What’s Sacramental About Marriage?

DEAR FATHER KERPER: I learned about all the sacraments, but matrimony always puzzled me. First, all the sacraments were instituted by Christ. I get that. But when did he set up matrimony? I can’t think of any time he told people to get married.

Second, I’ve never understood why matrimony is a sacrament at all. What exactly does it do?

Great questions! You’ve hit upon an embarrassing fact: the Church says much about marriage, but little about its divine origin and sacramental nature.

Let’s begin with matrimony’s origins.

Unlike every other sacrament, matrimony originates in nature rather than in a distinct creative act of Christ. We see this clearly in two texts from Genesis. The first appears in Chp. 1: “God created humankind in his image; in the image of God he created them; male and female he created them.” (Gn 1:27) The second has even more clarity: “A man leaves his father and mother and clings to his wife, and they become one flesh.” (Gn 2:24)

These texts show that God created human beings and marriage simultaneously. Adam and Eve, then, were never “single,” but always “one flesh” from the beginning.

Jesus reaffirmed the sanctity of this original marriage bond while discussing divorce. He repeated the two texts from Genesis and then added, “Therefore, what God has joined together, man must not separate.” (Mt 19:6)

Even pre-Christian marriage acted as a quasi-sacrament in that it faintly symbolized God’s permanent “marital bond” with Israel. References to this “mystical marriage” run through the Hebrew Scriptures. These texts guided the early Church toward a deeper understanding of marriage as a Christian sacrament, notably that the permanent bond between a man and a woman symbolizes the permanent bond between Christ (the bridegroom) and the Church (the bride).

Though Christ never spoke directly about matrimony as a sacrament, St. Paul surely did.

To the Ephesians he wrote: “This is a great mystery, and I am applying it to Christ and the church.” (Eph 5:32) The English word “mystery” here translates to the Greek word mysterion, which St. Jerome rendered as sacramentum. Surely, then, the early Church quickly recognized marriage as a true sacrament.

Even so, the core of Christian marriage rites and laws remained somewhat fluid, varying greatly until about 350 A.D. For example, in some places the father of the bride, rather than a priest, officiated at the church door; and civil marriages were even accepted and blessed.

As nuptial rites became more uniform, matrimony became closely linked with the celebration of the Eucharist. This custom, which some theologians regarded as absolutely essential, emerged from the Church’s discovery of the remarkable similarity between matrimony and the Eucharist.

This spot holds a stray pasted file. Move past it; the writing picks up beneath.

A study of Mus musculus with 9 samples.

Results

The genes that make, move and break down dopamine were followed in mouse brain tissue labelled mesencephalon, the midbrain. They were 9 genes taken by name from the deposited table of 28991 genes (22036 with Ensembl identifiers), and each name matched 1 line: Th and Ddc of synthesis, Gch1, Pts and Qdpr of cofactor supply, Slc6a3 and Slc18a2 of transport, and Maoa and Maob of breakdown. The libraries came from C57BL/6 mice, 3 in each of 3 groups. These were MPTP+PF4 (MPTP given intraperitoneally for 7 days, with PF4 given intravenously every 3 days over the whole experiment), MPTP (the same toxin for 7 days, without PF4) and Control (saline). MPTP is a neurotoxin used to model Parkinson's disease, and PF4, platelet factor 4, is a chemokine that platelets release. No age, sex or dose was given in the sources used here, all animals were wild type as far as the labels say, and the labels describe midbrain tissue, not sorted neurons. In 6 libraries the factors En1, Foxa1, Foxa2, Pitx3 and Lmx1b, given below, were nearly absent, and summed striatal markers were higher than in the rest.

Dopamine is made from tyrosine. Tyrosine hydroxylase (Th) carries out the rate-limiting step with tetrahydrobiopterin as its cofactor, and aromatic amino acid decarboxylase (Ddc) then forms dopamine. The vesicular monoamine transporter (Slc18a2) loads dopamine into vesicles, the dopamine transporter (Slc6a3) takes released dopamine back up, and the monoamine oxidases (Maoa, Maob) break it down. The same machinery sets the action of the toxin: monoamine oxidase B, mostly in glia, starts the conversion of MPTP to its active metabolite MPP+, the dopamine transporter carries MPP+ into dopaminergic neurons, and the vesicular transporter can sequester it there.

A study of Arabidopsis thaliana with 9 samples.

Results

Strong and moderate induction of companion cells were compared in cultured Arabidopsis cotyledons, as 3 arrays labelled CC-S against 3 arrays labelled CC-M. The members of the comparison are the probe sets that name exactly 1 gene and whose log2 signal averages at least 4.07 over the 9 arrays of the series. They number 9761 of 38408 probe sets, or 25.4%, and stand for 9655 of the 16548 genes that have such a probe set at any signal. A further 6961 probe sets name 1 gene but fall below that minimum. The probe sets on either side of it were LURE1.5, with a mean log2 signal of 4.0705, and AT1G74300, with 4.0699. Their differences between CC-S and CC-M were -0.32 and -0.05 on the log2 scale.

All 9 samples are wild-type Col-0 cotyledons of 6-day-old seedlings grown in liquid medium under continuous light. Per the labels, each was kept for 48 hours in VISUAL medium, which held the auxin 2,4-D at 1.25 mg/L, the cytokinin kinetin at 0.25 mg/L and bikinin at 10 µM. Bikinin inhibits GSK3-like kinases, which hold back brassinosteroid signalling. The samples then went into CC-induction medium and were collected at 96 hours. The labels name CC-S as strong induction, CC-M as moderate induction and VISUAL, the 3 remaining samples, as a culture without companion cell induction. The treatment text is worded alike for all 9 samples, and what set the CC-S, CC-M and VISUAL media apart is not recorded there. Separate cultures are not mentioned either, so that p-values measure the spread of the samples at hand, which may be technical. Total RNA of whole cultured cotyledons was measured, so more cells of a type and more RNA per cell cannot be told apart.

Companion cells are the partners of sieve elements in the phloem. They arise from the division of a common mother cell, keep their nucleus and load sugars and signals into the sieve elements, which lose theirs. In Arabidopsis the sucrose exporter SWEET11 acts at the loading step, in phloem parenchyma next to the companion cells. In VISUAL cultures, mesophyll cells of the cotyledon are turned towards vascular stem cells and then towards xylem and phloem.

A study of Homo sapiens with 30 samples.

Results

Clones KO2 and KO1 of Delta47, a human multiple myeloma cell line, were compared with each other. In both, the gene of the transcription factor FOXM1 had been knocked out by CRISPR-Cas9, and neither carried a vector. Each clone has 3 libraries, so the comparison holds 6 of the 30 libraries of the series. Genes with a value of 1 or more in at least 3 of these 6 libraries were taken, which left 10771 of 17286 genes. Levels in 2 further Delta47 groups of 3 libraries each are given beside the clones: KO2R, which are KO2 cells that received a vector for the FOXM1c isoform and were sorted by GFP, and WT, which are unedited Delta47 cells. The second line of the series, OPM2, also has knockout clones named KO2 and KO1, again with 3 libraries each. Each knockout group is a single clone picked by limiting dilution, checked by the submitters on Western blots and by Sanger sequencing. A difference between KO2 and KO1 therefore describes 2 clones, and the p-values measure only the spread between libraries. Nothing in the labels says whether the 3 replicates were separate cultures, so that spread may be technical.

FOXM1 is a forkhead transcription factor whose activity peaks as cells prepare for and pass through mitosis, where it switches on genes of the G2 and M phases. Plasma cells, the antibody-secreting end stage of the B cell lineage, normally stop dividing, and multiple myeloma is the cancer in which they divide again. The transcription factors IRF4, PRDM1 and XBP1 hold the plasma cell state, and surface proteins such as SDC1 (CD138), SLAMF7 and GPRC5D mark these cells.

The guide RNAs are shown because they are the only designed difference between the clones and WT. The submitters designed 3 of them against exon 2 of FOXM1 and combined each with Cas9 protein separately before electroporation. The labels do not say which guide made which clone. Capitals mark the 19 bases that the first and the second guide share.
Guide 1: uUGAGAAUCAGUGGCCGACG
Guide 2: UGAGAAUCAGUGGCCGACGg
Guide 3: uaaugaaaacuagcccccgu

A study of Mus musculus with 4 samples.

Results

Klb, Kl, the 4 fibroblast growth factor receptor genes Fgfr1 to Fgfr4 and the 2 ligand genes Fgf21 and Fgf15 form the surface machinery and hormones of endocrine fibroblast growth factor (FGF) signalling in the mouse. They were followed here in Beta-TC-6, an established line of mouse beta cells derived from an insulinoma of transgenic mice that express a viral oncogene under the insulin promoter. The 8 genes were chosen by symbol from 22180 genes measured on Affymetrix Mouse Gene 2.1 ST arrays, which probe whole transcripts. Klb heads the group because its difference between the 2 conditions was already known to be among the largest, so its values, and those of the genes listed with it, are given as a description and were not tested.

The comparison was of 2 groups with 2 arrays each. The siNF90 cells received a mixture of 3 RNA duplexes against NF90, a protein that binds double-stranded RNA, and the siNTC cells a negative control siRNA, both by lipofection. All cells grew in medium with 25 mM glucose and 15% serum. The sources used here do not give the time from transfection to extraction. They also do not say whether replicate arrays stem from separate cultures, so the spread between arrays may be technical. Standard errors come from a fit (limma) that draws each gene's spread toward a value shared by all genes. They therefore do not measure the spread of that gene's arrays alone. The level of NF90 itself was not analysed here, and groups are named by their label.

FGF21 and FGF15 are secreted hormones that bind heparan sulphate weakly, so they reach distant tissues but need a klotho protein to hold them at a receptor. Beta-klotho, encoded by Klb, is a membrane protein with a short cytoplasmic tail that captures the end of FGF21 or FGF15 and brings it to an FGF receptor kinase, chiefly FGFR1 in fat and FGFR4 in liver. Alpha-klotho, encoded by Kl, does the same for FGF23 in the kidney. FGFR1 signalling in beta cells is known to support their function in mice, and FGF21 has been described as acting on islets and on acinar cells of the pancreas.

Consider the Eucharist: At Mass bread and wine — natural objects — become the body and blood of Christ through the power of the Holy Spirit and the words of consecration uttered by the priest. Through this transformation of bread and wine, Christ extends his living presence into the world and unites himself with believers who partake of the Eucharist.

Now think about matrimony: The Lord’s statement that “two become one flesh” rightly describes the bodily and spiritual union of men and women sanctified by the sacrament. Whereas the Eucharistic action transforms bread and wine into sacred things, matrimony transforms men and women into living icons of the Lord’s “marriage” with the Church.

But how does matrimony act symbolically?

Here we must expand our vision of married people we know. Like the Eucharist, we must look beyond the appearances of bread and wine to see the reality of the body and blood of Christ. The same applies to matrimony: We must see married people as sanctified and transformed by the sacrament. They do indeed become an image of “two who become one flesh.”

This union of “one flesh” occurs in and through the marital act, which remains hidden to public view. How, then, can anyone ever see what marriage symbolizes?

Simple. Get to know people who have been married for a very long time. Learn their stories; gaze upon them.

Priests get to see the Christ-Church “icon” rather often, especially among men and women who endure long or intense forms of suffering. Over the years, I have seen truly heroic marital love mutually shared by married people. They had endured much. They had remained absolutely faithful in love. Amazing!

We will see the durability of matrimony especially at the funerals of people whose long marriages have survived tragedies, disappointments and even infidelity.

You also asked: “What does matrimony do?” A lot. It provides married people with God’s essential help to preserve the marital bond.

Here matrimony does what every other sacrament does: it bestows “sacramental graces” — divine help — linked to each specific sacrament. In the case of matrimony, the Lord graciously helps people to live a common life, to raise children, to bear with the rough edges of one’s spouse, to have endless patience and to avoid temptations against fidelity. These “sacramental graces,” intrinsic to matrimony, build up and sustain beautiful marriages. They transform mere civil contracts into holy relationships that constantly manifest the love and fidelity of Christ toward humanity.

As a sacrament, then, matrimony differs enormously from a civil ceremony, which is a state-sanctioned contract. Matrimony alone establishes and sanctifies a three-way bond: husband, wife and God. Such a partnership, infused with God’s presence and grace, is built to last for a lifetime, not for the wedding day alone.


Father Michael Kerper is a pastor in the Diocese of Manchester, New Hampshire.